July 8th, 2010

Hated Tropes and Pushing the Envelope

Here are two paragraphs I posted over at Torque Control that I figured were worth cross-posting here:

Joe Sherry writes: "I don’t care how good the story is or who wrote it, I’m shutting down the moment I see catmen. I freaking hate catmen."

I reply: "Hi Joe. I often meet people who detest a particular fantasy notion, whether it’s elves or zombies or unicorns or time travel or talking cats or whatever. And of course all too often I meet people who hate any fantasy notion whatsoever. So it goes. Personally I love all fantasy notions with heedless abandon, even the cheesiest of them ... perhaps even especially the cheesiest of them. 'Catmen' stories, whether it’s Larry Niven or Brian Jacques or yes, Thundercats, have meant a great deal to me, and I would hate to see them, or any other idea, banished forever from our stories."

Jonathan McCalmont writes: "I must admit to not understanding why one would write stuff that didn’t consciously push the envelope."

I reply: "Hi Jonathan. As to why would anyone ever want to write something that doesn’t consciously push the envelope ... I dunno, maybe because often there’s some really great stuff that fits just fine in the envelope. When I think of my favorite books and stories, a fairly high percentage of them don’t 'push the envelope' in any way that I can identify -- they’re just great stories about characters that I care about. And many of my favorite books and stories do 'push the envelope.' And I’m glad to have both. Requiring that everything push the envelope all the time would seem to me to lead to a pointlessly escalating cycle of grotesquery and obscurantism, in a way that would deprive us of the wonderful variety of potential stories."

New Alpha Workshop Website

Hey, looks like the Alpha workshop has a brand new website. How about that. It's always nice when stuff like that just happens without me having to do anything. Thanks to former student Sarah Brand for setting this up. And here's the new logo, designed by former student Gillian Conahan:

alpha science fiction writers workshop logo

One feature of the new site is a list of alumni publications & awards. Here are the ones that are free to read online:

Elena Gleason, 2005 & 2006
“Erased,” Fantasy Magazine, April 2008
“Whisper’s Voice,” Fantasy Magazine, April 2010

Shivaun Hoad, 2006
“The Fairy’s Challenge,” Cicada, March/April 2009

Richard Larson
"Last Call," Eclectica Magazine Vol. 13 No. 3, July 2009
"Up in the Air," Strange Horizons, November 2008
"Notice," Vibrant Gray #2, February 2008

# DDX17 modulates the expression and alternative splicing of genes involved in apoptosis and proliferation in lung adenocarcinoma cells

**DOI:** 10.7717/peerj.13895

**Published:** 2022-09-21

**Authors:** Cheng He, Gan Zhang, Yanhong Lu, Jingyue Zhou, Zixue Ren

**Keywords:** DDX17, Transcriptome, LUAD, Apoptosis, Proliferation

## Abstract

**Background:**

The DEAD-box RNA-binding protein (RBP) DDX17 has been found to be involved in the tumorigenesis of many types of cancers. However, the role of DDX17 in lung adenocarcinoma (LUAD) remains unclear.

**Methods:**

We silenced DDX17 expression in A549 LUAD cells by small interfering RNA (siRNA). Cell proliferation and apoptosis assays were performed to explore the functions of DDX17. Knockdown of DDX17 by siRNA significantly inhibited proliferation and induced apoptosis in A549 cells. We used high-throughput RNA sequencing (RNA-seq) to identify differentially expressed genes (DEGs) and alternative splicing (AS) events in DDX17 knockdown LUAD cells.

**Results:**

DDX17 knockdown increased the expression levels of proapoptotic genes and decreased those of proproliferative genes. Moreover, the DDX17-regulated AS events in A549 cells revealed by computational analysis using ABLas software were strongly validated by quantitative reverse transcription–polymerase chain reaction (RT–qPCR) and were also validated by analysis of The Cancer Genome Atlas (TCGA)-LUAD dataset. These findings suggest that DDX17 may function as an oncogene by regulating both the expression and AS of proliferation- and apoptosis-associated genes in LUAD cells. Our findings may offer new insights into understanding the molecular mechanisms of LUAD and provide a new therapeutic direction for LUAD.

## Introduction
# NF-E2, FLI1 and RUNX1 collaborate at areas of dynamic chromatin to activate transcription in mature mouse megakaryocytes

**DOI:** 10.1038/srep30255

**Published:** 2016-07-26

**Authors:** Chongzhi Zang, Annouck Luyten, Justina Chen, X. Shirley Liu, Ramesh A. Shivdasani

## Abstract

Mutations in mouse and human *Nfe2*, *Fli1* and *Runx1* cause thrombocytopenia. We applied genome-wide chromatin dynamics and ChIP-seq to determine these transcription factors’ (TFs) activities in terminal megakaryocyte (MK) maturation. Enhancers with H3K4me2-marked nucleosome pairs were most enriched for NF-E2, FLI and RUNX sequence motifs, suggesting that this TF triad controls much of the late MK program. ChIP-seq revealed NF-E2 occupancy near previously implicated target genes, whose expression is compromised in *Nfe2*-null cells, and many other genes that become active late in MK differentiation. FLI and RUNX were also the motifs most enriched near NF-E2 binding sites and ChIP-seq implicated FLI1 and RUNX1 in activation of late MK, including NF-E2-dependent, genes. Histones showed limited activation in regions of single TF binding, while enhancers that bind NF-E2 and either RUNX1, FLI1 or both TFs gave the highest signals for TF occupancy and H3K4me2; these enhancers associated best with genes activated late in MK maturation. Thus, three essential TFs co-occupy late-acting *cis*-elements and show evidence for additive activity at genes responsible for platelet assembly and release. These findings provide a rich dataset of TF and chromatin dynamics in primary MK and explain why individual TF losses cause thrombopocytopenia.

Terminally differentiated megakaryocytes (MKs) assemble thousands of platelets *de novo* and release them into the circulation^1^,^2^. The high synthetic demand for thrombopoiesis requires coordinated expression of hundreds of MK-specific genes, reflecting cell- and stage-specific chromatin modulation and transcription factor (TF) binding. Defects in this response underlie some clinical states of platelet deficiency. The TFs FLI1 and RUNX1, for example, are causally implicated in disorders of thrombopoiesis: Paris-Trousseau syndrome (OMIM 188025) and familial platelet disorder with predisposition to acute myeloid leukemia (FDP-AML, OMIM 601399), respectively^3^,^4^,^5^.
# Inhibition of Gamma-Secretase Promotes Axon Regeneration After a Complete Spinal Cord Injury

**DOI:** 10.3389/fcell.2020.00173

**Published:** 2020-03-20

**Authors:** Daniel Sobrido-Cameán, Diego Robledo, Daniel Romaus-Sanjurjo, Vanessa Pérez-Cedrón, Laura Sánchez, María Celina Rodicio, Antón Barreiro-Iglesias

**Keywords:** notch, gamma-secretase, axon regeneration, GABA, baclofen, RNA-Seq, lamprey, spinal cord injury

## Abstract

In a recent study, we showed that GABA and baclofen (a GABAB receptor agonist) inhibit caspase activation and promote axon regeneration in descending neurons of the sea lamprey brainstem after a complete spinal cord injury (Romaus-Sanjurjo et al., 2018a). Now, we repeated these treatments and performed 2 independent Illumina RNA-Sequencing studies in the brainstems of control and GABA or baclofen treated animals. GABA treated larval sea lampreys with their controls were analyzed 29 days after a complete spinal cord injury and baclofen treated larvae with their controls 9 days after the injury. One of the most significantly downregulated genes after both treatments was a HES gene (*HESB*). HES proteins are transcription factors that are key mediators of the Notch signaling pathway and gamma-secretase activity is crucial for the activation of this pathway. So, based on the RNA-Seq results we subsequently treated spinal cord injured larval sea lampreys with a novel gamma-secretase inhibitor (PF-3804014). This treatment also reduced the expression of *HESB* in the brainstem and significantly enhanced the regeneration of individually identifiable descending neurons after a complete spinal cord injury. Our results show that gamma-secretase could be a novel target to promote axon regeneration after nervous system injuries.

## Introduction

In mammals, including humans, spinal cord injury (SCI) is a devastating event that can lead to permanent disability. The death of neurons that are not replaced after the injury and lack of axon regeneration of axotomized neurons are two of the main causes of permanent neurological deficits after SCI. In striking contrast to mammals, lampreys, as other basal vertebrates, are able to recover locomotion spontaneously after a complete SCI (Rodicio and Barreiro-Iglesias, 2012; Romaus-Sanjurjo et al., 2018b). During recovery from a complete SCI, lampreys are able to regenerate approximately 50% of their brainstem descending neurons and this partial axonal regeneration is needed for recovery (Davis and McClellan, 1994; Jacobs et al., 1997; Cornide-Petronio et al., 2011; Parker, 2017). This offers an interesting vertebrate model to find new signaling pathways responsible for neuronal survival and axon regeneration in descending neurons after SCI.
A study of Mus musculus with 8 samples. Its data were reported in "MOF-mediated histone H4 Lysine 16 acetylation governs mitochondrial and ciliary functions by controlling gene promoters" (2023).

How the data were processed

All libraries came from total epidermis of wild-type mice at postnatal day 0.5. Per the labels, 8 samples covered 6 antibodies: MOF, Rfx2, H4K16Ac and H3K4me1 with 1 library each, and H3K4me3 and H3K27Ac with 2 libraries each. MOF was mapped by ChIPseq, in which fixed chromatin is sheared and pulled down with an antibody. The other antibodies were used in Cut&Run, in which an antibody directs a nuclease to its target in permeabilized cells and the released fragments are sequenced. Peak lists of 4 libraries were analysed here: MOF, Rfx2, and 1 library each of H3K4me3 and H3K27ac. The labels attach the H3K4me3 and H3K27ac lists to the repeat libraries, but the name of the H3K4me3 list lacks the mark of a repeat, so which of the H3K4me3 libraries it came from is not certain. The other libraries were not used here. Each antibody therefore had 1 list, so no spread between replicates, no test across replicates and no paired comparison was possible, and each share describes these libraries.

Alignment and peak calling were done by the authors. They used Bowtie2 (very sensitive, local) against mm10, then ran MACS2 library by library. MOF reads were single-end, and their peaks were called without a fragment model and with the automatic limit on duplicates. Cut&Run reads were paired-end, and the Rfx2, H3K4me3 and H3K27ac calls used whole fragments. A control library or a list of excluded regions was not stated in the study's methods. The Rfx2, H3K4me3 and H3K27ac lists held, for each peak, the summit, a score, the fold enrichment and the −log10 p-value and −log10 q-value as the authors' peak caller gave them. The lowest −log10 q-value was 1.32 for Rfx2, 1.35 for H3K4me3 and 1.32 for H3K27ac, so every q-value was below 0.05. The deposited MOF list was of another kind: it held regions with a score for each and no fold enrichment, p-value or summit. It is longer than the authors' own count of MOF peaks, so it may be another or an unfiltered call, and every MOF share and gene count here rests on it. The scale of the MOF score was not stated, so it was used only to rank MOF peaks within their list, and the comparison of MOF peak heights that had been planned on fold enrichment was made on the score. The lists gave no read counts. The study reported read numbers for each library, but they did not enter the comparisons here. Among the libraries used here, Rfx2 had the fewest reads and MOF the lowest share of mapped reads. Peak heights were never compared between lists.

"Night and Day," Pindeldyboz, September 2007

Rachel Sobel, 2008 & 2009
“The Loyalty of Birds,” Clarkesworld Magazine

Emily Tersoff
“The White Part of the Apple,” Fantasy Magazine, September 2009

Jeannette Westwood, 2005 & 2006
“The Banyan Tree,” Fantasy Magazine, October 2008

Monkey Island 2 Special Edition for the Mac?

So the Monkey Island 2: Special Edition came out yesterday ... but NOT FOR THE MAC. WTF, LucasArts? It's been widely reported online that the game would be on the Mac, but so far nothing, and LucasArts has given no indication whatsoever on when or if the Mac version is coming. I can only describe their behavior on this as ass-clownish in the extreme.

The game is currently available for the iPhone, so I got that. (I half suspect they're delaying the Mac release to exploit all the Mac users like me who will, out of desperation, buy the iPhone version and then later the Mac version too, and if this is the case then I DO NOT APPRECIATE IT AT ALL.)

Anyway, I've been playing the iPhone version. One of the big draws of the Special Edition is the new high definition art -- which serves no purpose whatsoever on the iPhone, as the screen is way too small to appreciate the level of detail. Since there's no mouse, you play the game by touching the screen. This works okay for the most part, but is often INSANELY frustrating. Even though I know exactly what I'm supposed to do, it often takes me upwards of 15 tries to get it to work using the touchscreen. (I played for about half an hour without talking to Wally the cartographer because I just could not get this simple command to work at all.) I can't imagine anyone wanting to play this game for the first time on the iPhone.

Though it is nice to be able to play Monkey Island at the beach, as I did yesterday. They have an iPad version too, and I can imagine that being pretty cool, though I don't have an iPad, so who knows?

Yeah, so anyway, playing Monkey Island on the iPhone is basically like listening to someone belch the Star-Spangled Banner. It's amazing that it works at all, but it's not like it's a good rendition or anything.